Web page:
Just like any other sport, tennis players devote monumental time to perfecting their game. It usually starts in childhood when they begin taking tennis lessons. If they have natural talent, so much the better. But kids have to love playing the game since the amount of time they’ll spend being coached will take up most of their spare time. And then the tournaments start so they can begin to earn ranking points by winning. If you will be watching the pros at Wimbledon, you might want to know what it takes to get them where they are.
This is a contentious issue among experts. Swedish psychologist Anders Ericsson suggests that 10,000 hours of purposeful practice is the key to getting to the top, but he says, “That practice has to be based on a minimum amount of talent that means the work put in actually delivers results.” Players that ascend the ranks also must have a body that stands up to the pounding it takes on a tennis tour. If their bodies break down too easily because of weakness or not doing enough strength training in the gym, it’s questionable how far that player will go.
Tennis matches have variable lengths, so players shouldn’t get stressed out over time. For instance, if a player is scheduled to play the third match, the start time could be a window of several hours. Players who can’t live with this kind of uncertainty don’t make it.
A tournament schedule can be planned, but a player won’t know his or her result from one week to the next, so they may spend two nights at a hotel and then weeks at the next. They’re never sure and that can be exasperating, especially for young players.
If a player is on a good run, there’s a surge of optimism that brings challenges such as strain on the body, no recovery time between tournaments, an increase in media interest, greater scrutiny from fellow players, and a build-up of ranking points they must continually defend. On the other hand, a run of bad results can be seriously distressing. Many players get so caught up in their current form that they can’t see a way out or they don’t think they could ever fall from grace. Successful players deal with everything as part of an average they must manage.
The best players have suffered injuries. It’s how they deal with the injury setback that will determine how good they will actually be. Injuries can seem to be a terrible setback, but most only are if they’re either very serious (rare) or if the player doesn’t react properly to them. They normally require a form of ‘reset,’ which can feel like starting all over again but is all part of the learning process.
“I used to play against the wall of the house as soon as I came home from school,” Barty said. By the time she was 12, she was already playing with adults. When she was just 14 years old in 2010, she began her professional career. At the same time, she was the world No. 2 junior and the 2011 Wimbledon girls’ singles champion. Barty won her first match on the WTA tour in 2013 in Kuala Lumpur, Malaysia.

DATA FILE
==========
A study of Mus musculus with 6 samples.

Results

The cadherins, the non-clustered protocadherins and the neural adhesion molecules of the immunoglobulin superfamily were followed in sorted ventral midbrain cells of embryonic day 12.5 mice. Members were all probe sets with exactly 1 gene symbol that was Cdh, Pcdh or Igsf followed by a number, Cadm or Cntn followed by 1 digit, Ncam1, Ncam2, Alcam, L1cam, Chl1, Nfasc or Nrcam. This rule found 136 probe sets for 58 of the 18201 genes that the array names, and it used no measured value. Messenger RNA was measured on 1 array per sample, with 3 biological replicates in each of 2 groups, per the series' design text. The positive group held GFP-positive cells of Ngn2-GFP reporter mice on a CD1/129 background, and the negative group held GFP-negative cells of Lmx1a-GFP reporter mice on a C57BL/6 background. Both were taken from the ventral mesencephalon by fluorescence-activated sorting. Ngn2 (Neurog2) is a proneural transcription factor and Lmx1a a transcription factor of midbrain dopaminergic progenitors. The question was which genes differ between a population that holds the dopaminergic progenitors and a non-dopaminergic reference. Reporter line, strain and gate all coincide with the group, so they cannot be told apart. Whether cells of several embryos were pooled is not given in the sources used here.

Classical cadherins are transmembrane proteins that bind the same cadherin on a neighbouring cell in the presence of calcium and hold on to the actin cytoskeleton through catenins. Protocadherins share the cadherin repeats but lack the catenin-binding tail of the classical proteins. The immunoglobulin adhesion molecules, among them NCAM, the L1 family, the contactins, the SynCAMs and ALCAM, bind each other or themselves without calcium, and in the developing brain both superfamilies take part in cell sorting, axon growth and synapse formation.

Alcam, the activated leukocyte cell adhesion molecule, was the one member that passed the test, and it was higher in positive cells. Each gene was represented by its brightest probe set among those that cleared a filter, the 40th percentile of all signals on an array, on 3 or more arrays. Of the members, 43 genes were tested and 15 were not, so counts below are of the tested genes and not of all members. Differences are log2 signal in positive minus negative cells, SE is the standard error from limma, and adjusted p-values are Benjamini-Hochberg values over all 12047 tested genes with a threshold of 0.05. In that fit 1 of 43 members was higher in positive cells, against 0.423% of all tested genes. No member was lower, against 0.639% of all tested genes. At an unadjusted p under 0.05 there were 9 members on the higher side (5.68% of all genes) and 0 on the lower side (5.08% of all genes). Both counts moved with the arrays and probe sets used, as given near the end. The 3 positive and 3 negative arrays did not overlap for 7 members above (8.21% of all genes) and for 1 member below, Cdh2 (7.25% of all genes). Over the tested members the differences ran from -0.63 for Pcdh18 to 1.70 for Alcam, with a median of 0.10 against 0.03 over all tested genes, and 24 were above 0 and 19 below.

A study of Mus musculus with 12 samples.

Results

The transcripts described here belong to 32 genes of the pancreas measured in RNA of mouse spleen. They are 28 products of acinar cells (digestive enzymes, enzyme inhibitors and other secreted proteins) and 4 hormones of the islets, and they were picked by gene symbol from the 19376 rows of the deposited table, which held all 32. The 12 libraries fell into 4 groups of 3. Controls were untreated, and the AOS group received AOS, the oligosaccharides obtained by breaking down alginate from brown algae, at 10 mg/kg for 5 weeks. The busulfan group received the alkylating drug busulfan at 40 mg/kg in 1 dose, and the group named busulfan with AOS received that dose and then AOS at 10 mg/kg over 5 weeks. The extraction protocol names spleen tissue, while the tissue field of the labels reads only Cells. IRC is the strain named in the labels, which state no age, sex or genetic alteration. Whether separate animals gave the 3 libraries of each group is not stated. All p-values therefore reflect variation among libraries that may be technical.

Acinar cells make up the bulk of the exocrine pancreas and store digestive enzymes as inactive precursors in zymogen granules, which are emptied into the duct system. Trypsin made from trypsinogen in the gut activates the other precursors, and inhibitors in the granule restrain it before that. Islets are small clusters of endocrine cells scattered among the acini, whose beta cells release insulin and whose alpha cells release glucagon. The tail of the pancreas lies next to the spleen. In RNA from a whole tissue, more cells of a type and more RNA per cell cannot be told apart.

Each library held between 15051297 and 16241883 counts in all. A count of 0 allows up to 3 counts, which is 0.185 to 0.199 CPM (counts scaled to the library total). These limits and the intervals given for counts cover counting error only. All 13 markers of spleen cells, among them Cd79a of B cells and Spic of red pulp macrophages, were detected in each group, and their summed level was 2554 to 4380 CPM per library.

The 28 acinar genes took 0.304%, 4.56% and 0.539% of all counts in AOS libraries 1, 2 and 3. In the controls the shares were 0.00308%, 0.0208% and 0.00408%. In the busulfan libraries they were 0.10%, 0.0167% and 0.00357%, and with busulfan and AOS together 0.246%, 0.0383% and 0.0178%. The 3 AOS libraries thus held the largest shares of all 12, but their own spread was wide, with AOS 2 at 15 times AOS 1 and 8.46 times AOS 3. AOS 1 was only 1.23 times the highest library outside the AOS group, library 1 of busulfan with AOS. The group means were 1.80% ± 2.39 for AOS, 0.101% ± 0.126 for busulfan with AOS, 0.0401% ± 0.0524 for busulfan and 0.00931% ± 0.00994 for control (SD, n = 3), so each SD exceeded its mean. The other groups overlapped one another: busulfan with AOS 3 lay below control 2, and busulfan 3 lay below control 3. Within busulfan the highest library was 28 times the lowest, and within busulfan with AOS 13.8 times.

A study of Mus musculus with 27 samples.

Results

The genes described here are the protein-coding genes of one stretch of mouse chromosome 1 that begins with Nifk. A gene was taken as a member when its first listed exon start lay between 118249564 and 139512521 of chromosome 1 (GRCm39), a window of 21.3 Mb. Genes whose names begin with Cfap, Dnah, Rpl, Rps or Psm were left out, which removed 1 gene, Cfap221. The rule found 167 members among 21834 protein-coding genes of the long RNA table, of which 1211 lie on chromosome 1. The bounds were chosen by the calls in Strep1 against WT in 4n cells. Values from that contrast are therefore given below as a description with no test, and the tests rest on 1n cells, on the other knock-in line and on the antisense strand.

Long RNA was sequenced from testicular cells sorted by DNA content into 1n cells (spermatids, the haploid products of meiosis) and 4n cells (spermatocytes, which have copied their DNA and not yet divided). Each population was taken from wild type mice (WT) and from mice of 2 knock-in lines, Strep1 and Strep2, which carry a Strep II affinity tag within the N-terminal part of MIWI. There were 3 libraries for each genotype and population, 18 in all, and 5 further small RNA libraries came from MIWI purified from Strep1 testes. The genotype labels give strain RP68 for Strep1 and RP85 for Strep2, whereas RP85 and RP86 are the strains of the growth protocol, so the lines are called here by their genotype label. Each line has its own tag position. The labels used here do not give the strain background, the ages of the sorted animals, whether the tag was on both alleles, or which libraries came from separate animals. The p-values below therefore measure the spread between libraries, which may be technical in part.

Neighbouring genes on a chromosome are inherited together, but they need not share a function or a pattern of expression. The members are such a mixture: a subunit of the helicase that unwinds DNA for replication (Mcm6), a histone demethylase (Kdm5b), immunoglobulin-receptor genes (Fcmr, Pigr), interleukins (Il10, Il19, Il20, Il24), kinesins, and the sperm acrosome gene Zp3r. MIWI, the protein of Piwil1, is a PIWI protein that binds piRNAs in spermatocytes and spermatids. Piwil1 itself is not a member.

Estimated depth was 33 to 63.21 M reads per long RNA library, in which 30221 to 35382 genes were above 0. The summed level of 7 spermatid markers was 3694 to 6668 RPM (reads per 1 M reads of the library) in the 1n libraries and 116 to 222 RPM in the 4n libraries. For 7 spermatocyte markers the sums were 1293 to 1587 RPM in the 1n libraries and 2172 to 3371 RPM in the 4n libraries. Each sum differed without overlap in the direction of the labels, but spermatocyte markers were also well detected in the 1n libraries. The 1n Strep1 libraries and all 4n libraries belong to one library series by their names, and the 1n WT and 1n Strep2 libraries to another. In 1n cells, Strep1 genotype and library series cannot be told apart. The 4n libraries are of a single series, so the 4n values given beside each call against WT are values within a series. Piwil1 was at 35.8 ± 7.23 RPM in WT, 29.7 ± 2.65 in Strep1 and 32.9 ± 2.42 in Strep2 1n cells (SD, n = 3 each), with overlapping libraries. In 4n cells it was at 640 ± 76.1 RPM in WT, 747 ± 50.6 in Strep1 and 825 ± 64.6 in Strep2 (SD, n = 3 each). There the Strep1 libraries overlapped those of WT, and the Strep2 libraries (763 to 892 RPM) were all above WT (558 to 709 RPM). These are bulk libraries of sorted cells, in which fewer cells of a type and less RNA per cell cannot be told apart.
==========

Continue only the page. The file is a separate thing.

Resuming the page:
Tired of traveling and missing home, Barty took a break from her tennis career in September 2014 at the age of 18. She decided to return to tennis in 2016.
“It was the best decision to leave and an even better decision to return to tennis,” she said after her French Open win in 2019.
Barty claimed the Wimbledon title in 2021, beating Karolina Pliskova in the final to become the first Australian woman to win the title since Evonne Goolagong (who is also Barty’s mentor) won the second of her two Wimbledon crowns in 1980. Barty won her first Grand Slam singles title at the 2019 French Open, beating Czech Marketa Vondrousova 6-1, 6-3 in the final. She then won Wimbledon in 2021, defeating Pliskova in the final, 6-3, 6-7(4), 6-3.
Like Barty, Noval Djokovic, from Serbia, began playing tennis at the age of four. During the summer of 1993, he was spotted by Serbian tennis player and coach, Jelena Genčić in his parents’ fast-food joint. When she saw him play, she was amazed by his excellent performance at such a young age and went on to coach him until 1999. Djokovic was sent to Germany to train when he was 12 where he spent four years being coached by former Croatian tennis player Nikola Pilić. Djokovic made his international debut in 2001 at the age of 14, and won the European championship’s singles and doubles titles.
In 2003, Djokovic turned pro. He was at his best in 2011, winning three of the four Grand Slam titles (US Open, Wimbledon, and Australian Open). He reached the pinnacle of success when he secured the World No. 1 rank on July 4, 2011. He also created a new record by winning maximum single season prize money of $12 million in the ATP World Tour. In 2014, he clinched his second Wimbledon singles title after defeating Roger Federer. At the 2019 Wimbledon Championships, he successfully defended his title against Federer. At the 2020 Australian Open, he defeated Federer again in straight sets in the semi-final and Dominic Thiem in five sets in the final to win his eighth Australian Open title.
Djokovic, 35, is currently the No. 1 seed in men’s tennis and considered by many to be one of the greatest professional tennis players ever.
If you would love to see these incredible players in action, we would love to get you there! Please reach out to one of LVH’s client relations team members who will get the planning started for you, so you won’t have to worry about being able to get VIP tickets to Wimbledon 2024. We will arrange everything for you – from staying in a private, elite home, to creating a bespoke itinerary for you packed with things you would love to do. We know your time is precious and we want to fill your vacation moments with experiences that create priceless memories. That’s our wish. You just need to tell us yours!